Henle fibre layer haemorrhage: clinical features and pathogenesis.Br J Ophthalmol. 2021 03; 105(3):374-380.BJ
To describe the clinical presentation and characteristic imaging features of deep retinal haemorrhages primarily located in the Henle fibre layer (HFL) of the macula. The spectrum of aetiologies and a comprehensive theory of pathogenesis are presented.
This is a retrospective, multicentre case series evaluating eyes with retinal haemorrhage in HFL. Clinical features, underlying aetiology, systemic and ocular risk factors, visual acuity, and multimodal imaging including fundus photography and cross-sectional and en face optical coherence tomography (OCT) are presented.
Retinal haemorrhages localised to HFL in 33 eyes from 23 patients were secondary to acute blunt trauma to the head (n=2), eye (n=1) and trunk (n=1), ruptured intracranial aneurysm (Terson's syndrome, n=3), general anaesthesia (n=1), epidural anaesthesia (n=1), hypertension with anaemia (n=1), decompression retinopathy (n=1), postvitrectomy with intraocular gas (n=1), retinal vein occlusion (n=7), myopic degeneration (n=2), macular telangiectasia type 2 (n=1), and polypoidal choroidal vasculopathy (n=1). Defining clinical features included deep retinal haemorrhage with feathery margin and petaloid pattern radiating from the fovea. OCT demonstrated characteristic hyper-reflectivity from the haemorrhage delineated by obliquely oriented fibres in the Henle layer. Spontaneous resolution of HFL haemorrhage occurred after 3 months in 15 patients with follow-up.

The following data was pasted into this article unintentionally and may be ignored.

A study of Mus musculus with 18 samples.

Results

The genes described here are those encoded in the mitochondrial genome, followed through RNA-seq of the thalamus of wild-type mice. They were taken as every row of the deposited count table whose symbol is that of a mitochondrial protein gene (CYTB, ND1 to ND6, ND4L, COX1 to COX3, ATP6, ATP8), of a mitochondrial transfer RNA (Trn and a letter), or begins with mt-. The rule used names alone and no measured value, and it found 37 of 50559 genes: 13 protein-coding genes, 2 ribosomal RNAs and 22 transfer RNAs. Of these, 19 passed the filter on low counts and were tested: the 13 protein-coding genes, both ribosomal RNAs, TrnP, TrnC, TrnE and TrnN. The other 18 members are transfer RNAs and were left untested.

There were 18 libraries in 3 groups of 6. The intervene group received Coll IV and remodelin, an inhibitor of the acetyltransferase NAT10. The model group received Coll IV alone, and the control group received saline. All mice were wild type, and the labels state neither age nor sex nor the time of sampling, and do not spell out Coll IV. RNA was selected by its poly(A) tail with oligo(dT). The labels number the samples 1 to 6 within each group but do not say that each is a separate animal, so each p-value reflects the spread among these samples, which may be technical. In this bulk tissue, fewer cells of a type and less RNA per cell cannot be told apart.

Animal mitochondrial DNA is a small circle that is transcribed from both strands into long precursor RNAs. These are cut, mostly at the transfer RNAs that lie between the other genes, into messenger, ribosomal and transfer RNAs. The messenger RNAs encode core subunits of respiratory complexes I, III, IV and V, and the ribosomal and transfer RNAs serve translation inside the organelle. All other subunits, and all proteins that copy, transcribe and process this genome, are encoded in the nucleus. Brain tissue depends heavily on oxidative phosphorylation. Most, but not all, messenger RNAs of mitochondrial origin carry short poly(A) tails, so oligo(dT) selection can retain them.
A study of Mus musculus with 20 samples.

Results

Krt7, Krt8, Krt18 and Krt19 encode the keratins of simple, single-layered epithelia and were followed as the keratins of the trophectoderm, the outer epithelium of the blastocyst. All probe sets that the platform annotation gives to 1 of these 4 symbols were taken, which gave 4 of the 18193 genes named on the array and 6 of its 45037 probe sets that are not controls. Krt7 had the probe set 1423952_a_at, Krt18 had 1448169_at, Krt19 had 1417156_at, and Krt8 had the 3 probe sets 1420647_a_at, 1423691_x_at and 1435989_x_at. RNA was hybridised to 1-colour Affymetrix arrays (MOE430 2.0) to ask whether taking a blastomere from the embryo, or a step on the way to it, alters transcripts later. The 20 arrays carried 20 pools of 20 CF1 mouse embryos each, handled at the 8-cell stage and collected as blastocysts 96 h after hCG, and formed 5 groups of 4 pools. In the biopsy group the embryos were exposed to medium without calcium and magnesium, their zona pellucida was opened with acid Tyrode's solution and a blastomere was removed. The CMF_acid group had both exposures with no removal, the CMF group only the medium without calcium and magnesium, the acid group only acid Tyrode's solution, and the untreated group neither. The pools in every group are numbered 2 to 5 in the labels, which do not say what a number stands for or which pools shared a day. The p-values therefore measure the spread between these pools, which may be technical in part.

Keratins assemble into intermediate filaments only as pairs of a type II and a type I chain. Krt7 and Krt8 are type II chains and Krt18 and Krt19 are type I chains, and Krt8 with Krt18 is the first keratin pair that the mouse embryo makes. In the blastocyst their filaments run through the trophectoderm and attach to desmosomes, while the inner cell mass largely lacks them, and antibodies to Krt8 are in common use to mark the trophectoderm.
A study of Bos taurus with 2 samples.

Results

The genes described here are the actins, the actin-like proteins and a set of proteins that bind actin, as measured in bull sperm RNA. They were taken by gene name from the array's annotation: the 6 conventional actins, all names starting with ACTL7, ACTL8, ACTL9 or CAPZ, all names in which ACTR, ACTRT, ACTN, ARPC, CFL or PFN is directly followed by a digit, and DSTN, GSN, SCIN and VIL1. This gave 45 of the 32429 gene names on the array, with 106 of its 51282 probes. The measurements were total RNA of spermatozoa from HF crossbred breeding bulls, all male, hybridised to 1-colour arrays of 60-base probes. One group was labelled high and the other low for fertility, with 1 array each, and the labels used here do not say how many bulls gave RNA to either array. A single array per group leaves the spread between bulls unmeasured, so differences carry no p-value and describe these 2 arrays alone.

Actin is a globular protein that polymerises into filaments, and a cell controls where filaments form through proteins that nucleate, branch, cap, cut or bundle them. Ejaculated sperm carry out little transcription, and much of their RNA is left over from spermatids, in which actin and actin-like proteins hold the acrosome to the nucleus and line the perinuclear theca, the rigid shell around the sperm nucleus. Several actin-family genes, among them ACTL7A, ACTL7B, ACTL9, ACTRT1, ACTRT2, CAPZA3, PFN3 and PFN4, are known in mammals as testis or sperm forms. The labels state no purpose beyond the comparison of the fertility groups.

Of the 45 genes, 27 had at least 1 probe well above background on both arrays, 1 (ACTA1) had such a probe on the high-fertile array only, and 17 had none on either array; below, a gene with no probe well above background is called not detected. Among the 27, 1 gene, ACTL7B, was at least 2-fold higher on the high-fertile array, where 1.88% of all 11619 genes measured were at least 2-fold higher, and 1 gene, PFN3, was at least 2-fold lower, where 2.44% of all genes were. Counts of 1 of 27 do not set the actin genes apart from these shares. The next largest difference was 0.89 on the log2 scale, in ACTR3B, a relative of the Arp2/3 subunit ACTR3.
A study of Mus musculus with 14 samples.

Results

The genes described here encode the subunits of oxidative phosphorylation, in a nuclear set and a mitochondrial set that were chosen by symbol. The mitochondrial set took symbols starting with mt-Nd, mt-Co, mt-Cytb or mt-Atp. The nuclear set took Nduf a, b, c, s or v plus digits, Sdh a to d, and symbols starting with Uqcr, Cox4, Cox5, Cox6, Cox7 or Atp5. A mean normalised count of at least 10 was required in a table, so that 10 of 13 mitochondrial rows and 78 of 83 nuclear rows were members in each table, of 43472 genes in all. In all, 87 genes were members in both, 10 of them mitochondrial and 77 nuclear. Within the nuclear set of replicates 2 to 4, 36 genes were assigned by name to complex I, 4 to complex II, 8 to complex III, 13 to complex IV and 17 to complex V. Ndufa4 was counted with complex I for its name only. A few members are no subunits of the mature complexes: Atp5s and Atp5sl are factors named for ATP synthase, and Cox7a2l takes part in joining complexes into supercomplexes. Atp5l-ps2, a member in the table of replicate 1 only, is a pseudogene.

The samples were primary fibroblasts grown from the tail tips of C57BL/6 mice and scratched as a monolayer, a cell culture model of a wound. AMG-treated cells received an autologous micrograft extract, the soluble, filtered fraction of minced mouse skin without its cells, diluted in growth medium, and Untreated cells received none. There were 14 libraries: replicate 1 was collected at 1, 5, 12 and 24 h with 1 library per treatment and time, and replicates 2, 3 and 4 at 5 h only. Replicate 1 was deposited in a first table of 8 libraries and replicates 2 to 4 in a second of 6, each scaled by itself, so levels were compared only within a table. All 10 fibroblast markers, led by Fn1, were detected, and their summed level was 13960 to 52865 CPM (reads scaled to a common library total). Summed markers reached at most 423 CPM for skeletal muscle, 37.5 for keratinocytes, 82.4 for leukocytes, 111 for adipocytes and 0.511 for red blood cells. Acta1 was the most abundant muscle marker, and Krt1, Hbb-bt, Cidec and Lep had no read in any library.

The characteristic petaloid-shaped, deep intraretinal haemorrhage with a feathery margin localised to HFL is associated with various disorders. The terminology 'Henle fiber layer hemorrhage (HH)' is proposed to describe the clinical and OCT findings, which may result from abnormal retinal venous pressure from systemic or local retinovascular disorders affecting the deep capillary plexus or from choroidal vascular abnormalities.